When an adult in Texas becomes incapacitated and does not have an incapacity plan in place, it’s up to a Texas court to step in and name a guardian to manage that person’s affairs. The guardian’s duties will be determined by the court. These can include everything from managing the incapacitated adult’s finances, as well as making day-to-day decisions. For example, the guardian will choose where the person will live, who he or she interacts with, and what medical treatments that person will receive.
An incapacitated adult, known as a ward, can also regain his or her abilities. Here’s what you need to know about guardianship in Dallas Texas.
Adults who become incapacitated can no longer make their own decisions or manage their own affairs. To determine if an adult is incapacitated, a Texas court will hold a hearing. If there is enough evidence to show that the adult is no longer capable, the court will then determine the adults is incapacitated and will appoint one or more guardians.
In some situations it’s possible for a ward to recover at least some of his or her abilities. For example, an adult who suffer serious injuries as the result of an automobile accident can often be left comatose or unable to communicate. Once a court appoints a guardian, the guardian will have the ability to make decisions on behalf of the ward.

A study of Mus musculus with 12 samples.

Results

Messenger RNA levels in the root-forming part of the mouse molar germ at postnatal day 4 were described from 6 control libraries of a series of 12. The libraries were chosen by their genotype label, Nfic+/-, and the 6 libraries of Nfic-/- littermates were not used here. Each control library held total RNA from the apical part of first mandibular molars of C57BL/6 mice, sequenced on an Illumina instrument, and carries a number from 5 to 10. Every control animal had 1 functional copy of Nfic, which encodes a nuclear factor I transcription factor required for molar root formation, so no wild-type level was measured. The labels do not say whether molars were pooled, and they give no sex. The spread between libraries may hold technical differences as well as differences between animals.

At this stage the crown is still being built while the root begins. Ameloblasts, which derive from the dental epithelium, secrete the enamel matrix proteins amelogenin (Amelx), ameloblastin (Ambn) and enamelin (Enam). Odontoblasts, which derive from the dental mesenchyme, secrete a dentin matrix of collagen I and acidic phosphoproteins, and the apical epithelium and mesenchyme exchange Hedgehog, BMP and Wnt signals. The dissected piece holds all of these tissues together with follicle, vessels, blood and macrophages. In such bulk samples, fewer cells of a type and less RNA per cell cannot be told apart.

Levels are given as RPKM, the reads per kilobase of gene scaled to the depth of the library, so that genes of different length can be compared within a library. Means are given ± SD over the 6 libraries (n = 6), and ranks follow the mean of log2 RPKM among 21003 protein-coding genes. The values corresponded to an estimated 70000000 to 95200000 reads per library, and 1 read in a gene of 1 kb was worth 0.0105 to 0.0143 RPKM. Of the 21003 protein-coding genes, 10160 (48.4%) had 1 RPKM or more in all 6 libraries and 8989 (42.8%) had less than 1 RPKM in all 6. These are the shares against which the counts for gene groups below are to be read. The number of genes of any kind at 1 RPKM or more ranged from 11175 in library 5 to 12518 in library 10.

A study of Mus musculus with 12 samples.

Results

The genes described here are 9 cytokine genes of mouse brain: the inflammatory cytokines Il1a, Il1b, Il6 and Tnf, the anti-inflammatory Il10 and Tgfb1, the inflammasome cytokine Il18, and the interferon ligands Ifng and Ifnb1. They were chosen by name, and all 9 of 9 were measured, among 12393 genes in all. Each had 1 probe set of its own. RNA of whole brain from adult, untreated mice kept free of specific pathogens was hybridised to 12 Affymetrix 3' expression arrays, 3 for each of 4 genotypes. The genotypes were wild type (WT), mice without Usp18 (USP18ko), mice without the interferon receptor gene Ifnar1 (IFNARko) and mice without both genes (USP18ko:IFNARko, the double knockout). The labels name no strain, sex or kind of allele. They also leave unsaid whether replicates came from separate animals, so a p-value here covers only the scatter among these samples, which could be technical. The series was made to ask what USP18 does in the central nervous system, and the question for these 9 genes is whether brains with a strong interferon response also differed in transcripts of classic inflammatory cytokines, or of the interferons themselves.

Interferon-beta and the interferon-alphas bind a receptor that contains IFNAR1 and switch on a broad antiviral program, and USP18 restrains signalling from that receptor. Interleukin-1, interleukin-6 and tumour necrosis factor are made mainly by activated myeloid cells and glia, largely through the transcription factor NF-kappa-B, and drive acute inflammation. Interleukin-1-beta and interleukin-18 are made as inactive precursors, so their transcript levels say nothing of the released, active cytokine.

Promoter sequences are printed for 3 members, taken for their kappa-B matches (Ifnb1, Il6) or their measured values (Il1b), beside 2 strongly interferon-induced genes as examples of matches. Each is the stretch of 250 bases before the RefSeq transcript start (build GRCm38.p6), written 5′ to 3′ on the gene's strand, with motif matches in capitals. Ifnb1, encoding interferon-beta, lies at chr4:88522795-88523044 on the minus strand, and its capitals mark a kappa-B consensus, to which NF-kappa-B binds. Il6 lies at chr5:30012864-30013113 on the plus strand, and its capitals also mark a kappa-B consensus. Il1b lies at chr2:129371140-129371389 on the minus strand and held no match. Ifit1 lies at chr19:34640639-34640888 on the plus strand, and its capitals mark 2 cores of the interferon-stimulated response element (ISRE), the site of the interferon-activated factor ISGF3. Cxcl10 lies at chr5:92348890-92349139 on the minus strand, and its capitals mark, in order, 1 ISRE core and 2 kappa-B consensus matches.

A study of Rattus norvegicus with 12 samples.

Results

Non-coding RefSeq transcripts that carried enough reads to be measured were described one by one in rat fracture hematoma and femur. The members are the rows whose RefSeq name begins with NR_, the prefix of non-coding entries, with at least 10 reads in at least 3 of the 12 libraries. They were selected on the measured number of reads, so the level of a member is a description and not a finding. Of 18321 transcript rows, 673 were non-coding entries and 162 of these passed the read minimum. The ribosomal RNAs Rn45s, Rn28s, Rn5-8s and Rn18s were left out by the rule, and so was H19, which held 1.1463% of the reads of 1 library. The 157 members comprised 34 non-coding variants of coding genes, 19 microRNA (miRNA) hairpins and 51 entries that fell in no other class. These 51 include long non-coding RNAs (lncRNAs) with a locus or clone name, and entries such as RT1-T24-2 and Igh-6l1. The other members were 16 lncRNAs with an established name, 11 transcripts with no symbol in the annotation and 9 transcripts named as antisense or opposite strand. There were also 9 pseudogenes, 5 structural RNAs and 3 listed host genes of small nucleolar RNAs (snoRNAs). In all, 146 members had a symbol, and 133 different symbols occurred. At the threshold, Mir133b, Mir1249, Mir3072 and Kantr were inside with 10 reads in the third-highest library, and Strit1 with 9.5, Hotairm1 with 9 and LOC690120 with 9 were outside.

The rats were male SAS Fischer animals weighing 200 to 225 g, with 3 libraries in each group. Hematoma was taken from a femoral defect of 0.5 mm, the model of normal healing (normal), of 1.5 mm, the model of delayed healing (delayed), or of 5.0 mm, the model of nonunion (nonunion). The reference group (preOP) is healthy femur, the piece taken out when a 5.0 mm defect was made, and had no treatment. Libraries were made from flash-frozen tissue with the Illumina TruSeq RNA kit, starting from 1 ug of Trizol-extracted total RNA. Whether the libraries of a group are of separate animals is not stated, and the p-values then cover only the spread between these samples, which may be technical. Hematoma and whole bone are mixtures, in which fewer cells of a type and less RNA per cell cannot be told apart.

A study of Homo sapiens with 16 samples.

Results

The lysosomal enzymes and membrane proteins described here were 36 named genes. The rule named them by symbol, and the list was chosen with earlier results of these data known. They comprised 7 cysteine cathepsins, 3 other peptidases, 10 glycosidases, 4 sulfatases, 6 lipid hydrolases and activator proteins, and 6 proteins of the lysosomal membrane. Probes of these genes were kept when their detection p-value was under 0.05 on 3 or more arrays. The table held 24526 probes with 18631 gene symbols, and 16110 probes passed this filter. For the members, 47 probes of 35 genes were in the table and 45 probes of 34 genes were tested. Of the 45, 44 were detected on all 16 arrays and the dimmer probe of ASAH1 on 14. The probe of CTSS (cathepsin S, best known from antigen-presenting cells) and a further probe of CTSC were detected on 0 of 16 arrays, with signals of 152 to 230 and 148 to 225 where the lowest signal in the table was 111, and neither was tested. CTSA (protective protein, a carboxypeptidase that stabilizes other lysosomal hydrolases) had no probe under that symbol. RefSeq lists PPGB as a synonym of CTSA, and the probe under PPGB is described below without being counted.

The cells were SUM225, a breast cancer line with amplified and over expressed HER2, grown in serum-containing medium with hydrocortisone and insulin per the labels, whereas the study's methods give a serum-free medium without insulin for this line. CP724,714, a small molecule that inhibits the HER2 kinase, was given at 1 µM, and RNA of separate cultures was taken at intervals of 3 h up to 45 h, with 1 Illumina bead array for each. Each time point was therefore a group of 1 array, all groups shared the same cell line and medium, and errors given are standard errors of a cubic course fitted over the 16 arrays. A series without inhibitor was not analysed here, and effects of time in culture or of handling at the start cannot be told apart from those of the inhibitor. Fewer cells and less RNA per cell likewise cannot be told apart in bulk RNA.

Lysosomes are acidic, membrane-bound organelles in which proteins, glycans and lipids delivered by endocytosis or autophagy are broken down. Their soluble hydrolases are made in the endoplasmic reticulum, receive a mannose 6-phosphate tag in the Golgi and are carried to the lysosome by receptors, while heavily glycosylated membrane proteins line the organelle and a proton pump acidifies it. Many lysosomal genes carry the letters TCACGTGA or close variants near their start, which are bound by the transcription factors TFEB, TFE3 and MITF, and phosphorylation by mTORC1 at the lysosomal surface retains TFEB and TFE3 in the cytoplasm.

But a lot of people recover from their injuries. Even if the incapacitated adult never regains all of his or her abilities, regaining some abilities can lead to a court modifying the guardianship. In a modification the court will determine what abilities the incapacitated person has regained. It might allow, for example, the incapacitated person to control a portion of his or her own finances, while still allowing the guardian to manage the rest.
Restoration and Termination
When a ward regains capacity the court can also order his or her decision-making rights restored, and the rights of the guardian to make decisions on the ward’s behalf terminated.
To order a restoration, the court has to be convinced by a preponderance of the evidence that the ward is now capable of making his or her decisions. This means that the evidence must show that it is more likely than not that the formerly incapacitated person is not capable of making decisions.
It’s also possible for a court order a termination of the guardianship. Terminations can result from a restoration of the ward’s rights, but also from other conditions, such as the ward’s death.
Of course, the actual procedures involved in petitioning for guardianship, asking the guardianship to be modified or terminated, and other related issues can be a little complicated. Always talk to your estate planning lawyer if you want to know more about guardianships in taxes.